Vanilla Extract Alcohol Content
We’ve recently been writing several posts on the subject of vanilla extraction, so I decided to stay in that area and write a brief post about Vanilla Extract Alcohol Content. There is a surprising amount of misinformation and confusion about this, and it has lead to people frantically searching the internet for answers. Instead of regurgitating the same old info, I have re-read the FDA requirements in detail, and I’ve included the most relevant data in the post below.
Are you interested in making your own extract? Make sure you read my post on Choosing the Best Liquor for Vanilla Extract.
Our LGB Vanilla Bean Extract
We always make sure to follow all of the FDA’s rules including vanilla extract alcohol content regulations. My current favorite product to bake with is our Madagascar Vanilla Bean Extract. We actually leave the premium vanilla beans inside the bottle so the alcohol can continue its extracting magic. You can see & taste the difference!
VANILLA EXTRACT ALCOHOL CONTENT | REGULATIONS
Alcohol plays a central role in extracting the powerful compounds that make vanilla famous. You can learn more about this process and the FDA requirements below. I’ve tried to write this post in a fun way that will help you learn about the current alcohol regulations and why they are in place.
IMPORTANCE OF ALCOHOL FOR EXTRACTION
The reason that there are content requirements for alcohol in vanilla bean extract is due to its important function. The alcohol has the huge responsibility of extracting all of the wonderful compounds and flavors from the vanilla bean. This is especially true for natural vanilla bean extracts like ours. Our vanilla bean extract currently only has two ingredients, liquor & vanilla beans. This simple but powerful pairing makes a great flavor profile that takes desserts, coffees (or lattés if you’re like me), and any other food that needs the power of vanilla.
FDA REQUIREMENTS FOR VANILLA EXTRACT ALCOHOL CONTENT
Now that you’ve learned the importance of alcohol, let’s move on to the good stuff. The FDA has an entire section dedicated to vanilla extract rules & regulations. Don’t worry, I’ve read it for you to save you the hassle! The very first paragraph of this section §169.175 deals with the concentration of different ingredients in the product. The alcohol requirement may change in the future, but I’ve included it below:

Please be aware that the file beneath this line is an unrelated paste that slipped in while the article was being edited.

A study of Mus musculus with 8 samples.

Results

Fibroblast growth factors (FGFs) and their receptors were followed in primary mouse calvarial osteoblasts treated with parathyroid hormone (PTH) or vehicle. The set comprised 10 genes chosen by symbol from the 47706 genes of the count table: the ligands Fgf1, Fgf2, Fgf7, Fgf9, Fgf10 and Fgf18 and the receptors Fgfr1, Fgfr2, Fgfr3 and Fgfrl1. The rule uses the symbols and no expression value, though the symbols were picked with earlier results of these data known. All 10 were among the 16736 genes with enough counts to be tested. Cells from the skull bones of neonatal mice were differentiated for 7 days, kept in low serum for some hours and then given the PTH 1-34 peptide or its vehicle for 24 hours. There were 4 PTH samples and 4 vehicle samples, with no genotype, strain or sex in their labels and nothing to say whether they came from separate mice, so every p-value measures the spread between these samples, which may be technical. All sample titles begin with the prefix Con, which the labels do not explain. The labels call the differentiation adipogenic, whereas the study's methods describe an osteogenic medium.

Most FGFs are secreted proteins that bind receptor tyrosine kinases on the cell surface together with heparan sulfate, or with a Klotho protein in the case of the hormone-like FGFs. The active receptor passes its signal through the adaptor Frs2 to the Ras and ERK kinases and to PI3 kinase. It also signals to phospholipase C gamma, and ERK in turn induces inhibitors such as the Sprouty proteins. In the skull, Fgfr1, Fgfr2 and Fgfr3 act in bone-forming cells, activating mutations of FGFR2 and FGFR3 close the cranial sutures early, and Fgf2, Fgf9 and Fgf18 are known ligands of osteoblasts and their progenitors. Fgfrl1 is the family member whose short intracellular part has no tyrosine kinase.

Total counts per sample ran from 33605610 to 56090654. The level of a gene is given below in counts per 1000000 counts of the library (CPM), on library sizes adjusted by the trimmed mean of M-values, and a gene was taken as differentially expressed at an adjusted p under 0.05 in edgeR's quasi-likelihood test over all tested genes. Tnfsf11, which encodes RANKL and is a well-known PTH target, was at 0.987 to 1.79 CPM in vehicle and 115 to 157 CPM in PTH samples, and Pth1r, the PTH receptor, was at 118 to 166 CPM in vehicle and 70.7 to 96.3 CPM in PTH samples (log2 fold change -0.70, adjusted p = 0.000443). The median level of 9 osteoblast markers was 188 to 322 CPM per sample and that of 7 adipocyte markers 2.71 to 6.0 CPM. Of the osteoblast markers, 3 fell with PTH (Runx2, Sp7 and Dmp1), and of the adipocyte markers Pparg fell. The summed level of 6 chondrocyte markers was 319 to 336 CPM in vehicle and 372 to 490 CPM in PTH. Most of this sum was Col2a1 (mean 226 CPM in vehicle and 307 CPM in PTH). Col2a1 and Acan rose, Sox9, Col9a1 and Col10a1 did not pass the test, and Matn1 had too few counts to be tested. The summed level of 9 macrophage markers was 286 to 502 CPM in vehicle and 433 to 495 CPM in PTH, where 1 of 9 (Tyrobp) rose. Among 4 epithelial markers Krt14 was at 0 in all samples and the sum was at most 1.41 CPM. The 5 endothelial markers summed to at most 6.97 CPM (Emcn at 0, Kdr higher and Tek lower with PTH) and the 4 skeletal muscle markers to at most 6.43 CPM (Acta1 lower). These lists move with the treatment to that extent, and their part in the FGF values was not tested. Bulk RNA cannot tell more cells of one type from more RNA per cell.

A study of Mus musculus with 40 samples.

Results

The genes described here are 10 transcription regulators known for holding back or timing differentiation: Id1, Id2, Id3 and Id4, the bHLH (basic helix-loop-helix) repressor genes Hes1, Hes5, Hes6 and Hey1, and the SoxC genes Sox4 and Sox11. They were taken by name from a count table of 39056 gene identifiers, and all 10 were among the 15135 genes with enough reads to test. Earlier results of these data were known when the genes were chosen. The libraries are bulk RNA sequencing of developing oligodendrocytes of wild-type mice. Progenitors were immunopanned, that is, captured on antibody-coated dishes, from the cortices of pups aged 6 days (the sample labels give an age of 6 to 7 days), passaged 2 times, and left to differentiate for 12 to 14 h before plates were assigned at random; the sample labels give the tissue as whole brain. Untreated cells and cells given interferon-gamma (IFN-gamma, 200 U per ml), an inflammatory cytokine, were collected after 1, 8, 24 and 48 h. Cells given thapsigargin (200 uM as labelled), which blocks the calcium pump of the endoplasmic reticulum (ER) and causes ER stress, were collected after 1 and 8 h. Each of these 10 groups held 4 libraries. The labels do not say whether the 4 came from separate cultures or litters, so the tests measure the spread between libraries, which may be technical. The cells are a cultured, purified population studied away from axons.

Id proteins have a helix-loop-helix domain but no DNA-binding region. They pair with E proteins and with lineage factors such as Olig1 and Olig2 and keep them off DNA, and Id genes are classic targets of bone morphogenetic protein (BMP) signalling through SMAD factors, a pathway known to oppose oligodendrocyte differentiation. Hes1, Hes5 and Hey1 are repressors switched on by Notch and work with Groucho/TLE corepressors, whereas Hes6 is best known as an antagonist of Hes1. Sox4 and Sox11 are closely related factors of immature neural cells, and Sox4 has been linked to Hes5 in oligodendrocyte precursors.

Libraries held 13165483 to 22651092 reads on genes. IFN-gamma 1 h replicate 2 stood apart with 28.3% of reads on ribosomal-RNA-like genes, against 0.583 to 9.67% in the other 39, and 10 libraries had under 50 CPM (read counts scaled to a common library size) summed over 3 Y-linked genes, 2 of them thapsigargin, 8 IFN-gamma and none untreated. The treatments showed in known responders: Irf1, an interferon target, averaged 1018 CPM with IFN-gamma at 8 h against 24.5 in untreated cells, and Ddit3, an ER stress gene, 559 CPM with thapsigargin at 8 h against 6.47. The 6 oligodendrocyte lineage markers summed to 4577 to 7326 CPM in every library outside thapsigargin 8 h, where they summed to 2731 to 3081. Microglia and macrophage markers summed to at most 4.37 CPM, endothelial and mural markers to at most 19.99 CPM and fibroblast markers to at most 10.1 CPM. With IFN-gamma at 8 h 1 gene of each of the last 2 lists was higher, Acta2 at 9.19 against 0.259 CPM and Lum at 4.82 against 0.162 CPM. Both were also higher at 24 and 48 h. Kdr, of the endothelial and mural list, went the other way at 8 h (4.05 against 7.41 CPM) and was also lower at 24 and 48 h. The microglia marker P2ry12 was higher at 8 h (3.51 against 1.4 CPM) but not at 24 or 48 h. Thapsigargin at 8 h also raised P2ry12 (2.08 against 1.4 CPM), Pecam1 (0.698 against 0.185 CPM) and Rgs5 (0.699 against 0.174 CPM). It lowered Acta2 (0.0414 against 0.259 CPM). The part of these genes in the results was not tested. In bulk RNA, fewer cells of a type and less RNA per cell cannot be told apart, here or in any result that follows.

The current vanilla extract alcohol content requirement is “not less than 35 percent by volume.”
We recommend using or selecting an extract that uses ~ 40% alcohol by volume (aka 80 proof). This concentration does a great job of extracting the compounds and avoids the burning sensation of higher proof liquors. Vanilla extracts that don’t contain enough alcohol take longer to age and extract the delicious flavors and aroma. We follow this same 40% rule for the liquors that we use in our extracts.
VANILLA EXTRACT ALCOHOL CONTENT | CONCLUSION
Now you are a Lone Goose Bakery certified expert specializing in vanilla extract content requirements, or at least you’re close! Now you know that vanilla extract alcohol content requirements are straightforward, but the actual concentration can vary between brands. If you are curious and it isn’t listed open the product description or label, feel free to reach out to the manufacturer. Fortunately, the powerful flavor and aroma largely overpowers the alcohol taste, as long as you follow my post on Properly Aging Vanilla Extract.
Make Your Own Vanilla Extract
If you want to harness the power of vanilla extract for yourself, check out our vanilla extract kit. It makes a great gift for a loved one that bakes or you can keep it for yourself. I’m around vanilla all the time, and I still enjoy the process of making my own extract. This kit contains everything you need, just bring the alcohol 😉
Do you have any comments are questions regarding vanilla extract alcohol content? Please share your perspective by posting a comment below. Your unique comments always add to these posts and are appreciated by our Lone Goose Bakery Team (we read every one) and our dedicated community of readers.
Does the alcohol burn off during baking?
Great question Justine! I actually just read a 1992 USDA article that analyzed the amount of alcohol that evaporates during cooking vs baking. The conclusion was that baking caused more to evaporate than flaming, but it mostly depends on the temperature and amount of time the alcohol is heated. Baking @ 375 F for 25 minutes resulted in an alcohol reduction of ~50%. Since most recipes call for a minimal amount of vanilla extract spread throughout, alcohol per serving would be extremely small.
I had no idea about all of the requirements for vanilla extract, who would’ve thought?!?
I always thought that baking burned off all of the alcohol, and this is very interesting. The amount of detail and research you do is amazing, keep up the good work.
Thanks for reaching out Brandy, and we will keep writing!